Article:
Schwartz has exceeded expectationsGrowing up, Nolan Schwartz loved to play football.
By: Dustin Monke, The Dickinson Press
Growing up, Nolan Schwartz loved to play football.
He also felt that he knew the limits of where the game would take him.
It took the urging of his father, former Dickinson State football player Randy Schwartz, along with a handful of football-playing friends, to convince him to join the Blue Hawk football team as a walk-on in 2009.
“He told me about how he missed football once it was done, and he saw me growing up, loving the sport and really drove the point home, ‘Why not try?’” Nolan Schwartz said of conversations he had with his father. “I’m happy I did. I really am.”
Now a senior, Schwartz is in his second year as a starting safety for the Blue Hawks, who visit Montana State-Northern at 12:10 p.m. Saturday in Havre, Mont.
He ranks fourth on the team with 54 tackles and is part of a defense that allows a Frontier Conference-best 181 yards passing per game.
It’s safe to say Schwartz has defied expectations, though DSU defensive coordinator Arlan Hofland said he learned long ago never to be surprised at how a player can progress through his career.
“I’ve been in it long enough where you try not to put kids in cubby holes or classify them until you’ve seen them play,” Hofland said. “I’ve seen a lot of guys who were supposed to be good that never turned out to be very good at all. It’s always pleasant to see a kid that maybe other people aren’t thinking is going to pan out as a college player and see them have success. That’s probably one of the things, as a coach, you’d like to see almost more than the other.”
DSU head coach Hank Biesiot said it was plain to see Schwartz steadily improve throughout his career.
“He came out of not necessarily nowhere because you could see him making strides,” said Biesiot, who was just beginning his 37-year career when he coached Schwartz’s dad. “He’s been a hard worker and he’s a hustler out there, a guy who never quits and has developed into a very good athlete.”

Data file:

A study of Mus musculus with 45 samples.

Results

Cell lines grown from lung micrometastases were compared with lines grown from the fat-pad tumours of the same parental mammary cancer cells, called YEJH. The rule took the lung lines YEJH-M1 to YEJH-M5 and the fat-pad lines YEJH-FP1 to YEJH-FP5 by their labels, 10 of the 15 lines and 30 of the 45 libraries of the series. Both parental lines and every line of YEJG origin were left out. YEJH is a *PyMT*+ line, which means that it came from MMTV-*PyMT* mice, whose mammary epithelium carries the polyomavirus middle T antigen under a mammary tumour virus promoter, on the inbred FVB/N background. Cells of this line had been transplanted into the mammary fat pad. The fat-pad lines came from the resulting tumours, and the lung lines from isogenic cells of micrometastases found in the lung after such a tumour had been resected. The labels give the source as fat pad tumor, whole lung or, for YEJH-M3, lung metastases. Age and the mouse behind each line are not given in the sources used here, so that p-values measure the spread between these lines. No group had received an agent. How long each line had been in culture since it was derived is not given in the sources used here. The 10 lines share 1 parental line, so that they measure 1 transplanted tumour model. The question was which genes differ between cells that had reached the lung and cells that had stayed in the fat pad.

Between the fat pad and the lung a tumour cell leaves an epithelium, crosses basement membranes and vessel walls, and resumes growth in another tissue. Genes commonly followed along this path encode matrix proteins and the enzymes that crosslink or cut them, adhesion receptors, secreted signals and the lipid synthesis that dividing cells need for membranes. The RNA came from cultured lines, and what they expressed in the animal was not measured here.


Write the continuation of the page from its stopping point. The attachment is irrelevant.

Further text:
At 6-foot-1 but thin, Schwartz never gave much thought to playing college football after a couple of average seasons at Dickinson High School.
Schwartz said he weighed about 145 pounds in high school. After only attending school as a freshman, he walked on to the football team at about 150 pounds — and that was after a summer in the weight room.
“Now I’m 170 on my best days,” he said with a laugh.
Built more like his a distance runner than a football player — his uncle, Jerry Schwartz, was the longtime head cross country coach at Dickinson High and a record-setting runner during his days at DSU — perhaps Schwartz’s best attribute is his speed.
“He came in and was undersized and skinny and just kept working hard,” Hofland said. “He’s got that ability to run. I don’t know if that’s a Schwartz trait or not, but he can run like a dog all day long so he’s always in great shape.”
Schwartz focused on using his speed as the best chance to get on the field.
“I set goals every year here,” Schwartz said.
Simply making the team was his goal as a freshman.
As a sophomore, he wanted to make the traveling team and coaches made him a gunner on the punt team. He had three tackles.
Coming into his junior season, Schwartz put the idea of earning a starting spot into his mind.
He has started every game since and finished fifth on the team with 52 tackles as a junior.
“It was step by step,” Schwartz said. “I tried to keep my goals reasonable.”
DSU senior cornerback Mike Fisher said he has watched Schwartz mature both on and off the field.
“He does a great job of leading and I think a lot of players look up to him,” Fisher said.
In four seasons, Schwartz has gone from a skinny walk-on unsure if he’d ever see the field to one of the leaders of DSU’s defense.
“I wanted to do some things better, of course,” Schwartz said. “You always want to do things better, but I’m pretty happy with the way things have gone.”